Six bald eagles are dead and six others are sick and undergoing treatment in Nanaimo at the VCA Island Animal Hospital.
The eagles were found in North Cowichan around the Herd Road area. The first two were brought in to the Raptor Rescue Society in Duncan on Wednesday, January 16, with the rest being discovered in the following days. As of the last reporting by the Hope Standard on January 25, no more victims appear to have been found.
The Raptors Centre is assisting the Rescue Society with the ordeal, which appears to be an unintentional case of bad grub.
“We suspect that a farm animal was euthanized and then not disposed of correctly,” Robyn Radcliffe, General Manager of The Raptors Centre, told the press. “So, if an animal is euthanized using any euthanizing drug, it’s super potent to animals feeding on a carcass. It’s likely that it wasn’t buried, which is what is supposed to happen.”
Ken Langelier, veterinarian and medical director at the VCA Island Animal Hospital, agrees.
“There’s not a lot of other toxins out there that can cause this same kind of condition where the birds actually look like they’re under a deep anaesthetic,” he told Global News. “Of the birds that were found, they were all low body temperature. People thought they were actually dying on the spot, that’s how sedate they were. They weren’t responsive; if you touched their eye, their third eyelid would slowly come across.”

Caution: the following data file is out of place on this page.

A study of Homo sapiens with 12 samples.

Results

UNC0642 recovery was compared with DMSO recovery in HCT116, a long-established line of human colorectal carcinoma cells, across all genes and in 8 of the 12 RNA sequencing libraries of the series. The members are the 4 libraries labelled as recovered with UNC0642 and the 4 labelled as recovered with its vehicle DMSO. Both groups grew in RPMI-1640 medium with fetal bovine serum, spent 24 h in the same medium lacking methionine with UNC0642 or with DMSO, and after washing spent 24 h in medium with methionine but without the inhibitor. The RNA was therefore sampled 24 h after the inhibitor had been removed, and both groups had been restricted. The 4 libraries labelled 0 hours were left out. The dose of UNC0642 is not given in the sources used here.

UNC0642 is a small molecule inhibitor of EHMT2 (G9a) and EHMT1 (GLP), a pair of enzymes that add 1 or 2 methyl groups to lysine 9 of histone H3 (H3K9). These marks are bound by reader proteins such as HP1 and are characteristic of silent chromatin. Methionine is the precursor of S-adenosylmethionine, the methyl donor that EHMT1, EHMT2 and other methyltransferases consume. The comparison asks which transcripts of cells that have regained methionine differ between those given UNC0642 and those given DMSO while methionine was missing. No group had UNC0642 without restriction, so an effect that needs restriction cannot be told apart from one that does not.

Radcliffe notes that carcasses should be buried at least six feet deep, so peckish scavengers can’t get to the poisoned remains. “It’s not unusual for many birds to feed off the same carcass,” she told Cowichan Valley Citizens. “A dead deer could have 10 to 40 eagles feeding off it, in addition to ravens and vultures in the spring and summer.”
Further investigation by the BC Conservation Officer Service is still underway. No comment from them has been released.
For the six surviving eagles, things are improving. In the last update on their Facebook page, the Raptor Rescue Society shared that they are “pleased with the progress of the rescued eagles,” and on January 26 they began their release with the first poisoned eagle, a young female who had injured herself falling out of a tree after the poison started to affect her.
Up-island at the MARS Wildlife Rescue Centre, they have also received a troubling influx of raptor patients. As reported by the Cowichan Valley Citizen, out of 18 birds they have taken in since the beginning of the year, 11 of them have been eagles, coming from all over the island and surrounding region. While the situation is different from the one in Cowichan, pointing instead to lead poisoning and a variety of other causes, it certainly appears to be a tough time for the birds right now.
If you find an eagle who appears to be dead, sick, or distressed, you are advised to contact the Raptor Rescue Society at 778-936-0732.